We're worried about the emissions from our cars, but how about the roads? Cement production is actually a major contributor to worldwide carbon dioxide emissions. As this ScienCentral News video explains, researchers at MIT are using nanotechnology to find a solution.
Building at the Nanoscale
Concrete is one of the world's most widely used materials -- it's hard to imagine life without it. But having to make so much is a problem. Production of concrete's key component, cement, accounts for at least five percent of global carbon dioxide emissions. Franz-Josef Ulm and his team at MIT hope to change that.
"Despite its ubiquitous presence in our daily life, in roads, infrastructure, concrete has kept its secret for a long time," he says.
The secret lies in cement's nanostructure, the arrangement of its atoms. The researchers studied cement from manufacturers around the world. Using a nano-sized needle, they poked the cement samples, and measured the indentations using an atomic force microscope. What they found was that all the different cement samples exhibited the same organization at the nano-level.
WEB EXTRA: MIT's Markus Buehler explains the nano-engineering of cement
In fact, the high density of cement is explained by this nanostructure. Its clusters of atoms are stacked like a tightly packed pile of oranges. "If you take the oranges and put them in an organizational scheme, like a pyramid in a grocer shop," says Ulm, "this packing density actually characterizes concrete materials at the nanoscale of the material." This high packing density accounts for the strength and stability of cement, which makes it useful for structures like tunnels and bridges.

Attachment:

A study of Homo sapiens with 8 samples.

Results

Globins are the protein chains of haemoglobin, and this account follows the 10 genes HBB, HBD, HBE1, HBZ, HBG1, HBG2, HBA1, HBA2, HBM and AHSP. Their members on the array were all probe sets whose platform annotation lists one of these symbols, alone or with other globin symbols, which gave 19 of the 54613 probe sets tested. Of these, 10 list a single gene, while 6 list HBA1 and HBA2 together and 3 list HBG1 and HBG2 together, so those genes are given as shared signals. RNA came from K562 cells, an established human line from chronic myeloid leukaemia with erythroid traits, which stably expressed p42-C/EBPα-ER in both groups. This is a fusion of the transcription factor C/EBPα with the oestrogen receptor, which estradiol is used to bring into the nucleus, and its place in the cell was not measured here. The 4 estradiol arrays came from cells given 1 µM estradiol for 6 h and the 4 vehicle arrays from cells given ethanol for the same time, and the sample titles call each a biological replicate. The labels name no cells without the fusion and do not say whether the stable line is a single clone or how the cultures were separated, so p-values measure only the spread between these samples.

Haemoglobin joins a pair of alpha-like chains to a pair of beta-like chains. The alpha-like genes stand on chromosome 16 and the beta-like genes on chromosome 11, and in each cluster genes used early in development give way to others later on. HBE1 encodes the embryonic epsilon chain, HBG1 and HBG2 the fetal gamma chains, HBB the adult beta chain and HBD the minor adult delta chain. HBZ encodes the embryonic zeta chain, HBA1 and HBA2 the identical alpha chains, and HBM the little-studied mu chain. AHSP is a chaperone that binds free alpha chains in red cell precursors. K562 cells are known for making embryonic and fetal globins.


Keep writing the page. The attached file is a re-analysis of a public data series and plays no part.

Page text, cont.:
Unfortunately, current cement manufacturing methods require very high temperatures, resulting in high carbon dioxide emissions. Ulm and his team are looking for a different mineral to use in cement that would give it an equally strong nanostructure, but would not need as much heat.
Computer simulation of concrete's nanostructure, or its arrangement of atoms. image: Markus Buehler
"A small progress here in nanoscience and nanotechnology could actually have an enormous impact on global CO2 emission," says Ulm. "The strength of science and engineering, in particular nanoengineering, is that today we have the tools in place and the knowledge in order to tackle this, one of those most critical problems, which is CO2 emission and global warming on this planet."
Beyond reducing emissions, Ulm says such control over cement could result in new kinds of concrete, potentially leading to improved nuclear waste storage facilities, blast-proof tunnels, or longer lasting roads and bridges. But this nano-engineered cement is at least five years away.
Ulm's colleague Georgios Constantinides uses a nano-sized needle to look at
"Five years is a reasonable timeframe to come up with a concept material. The CO2 emission is not something which you can solve from one day to the other," says Ulm. "If you put those five years in perspective to the evolution of concrete which started with the Romans, five years is a pretty short time in mankind's history."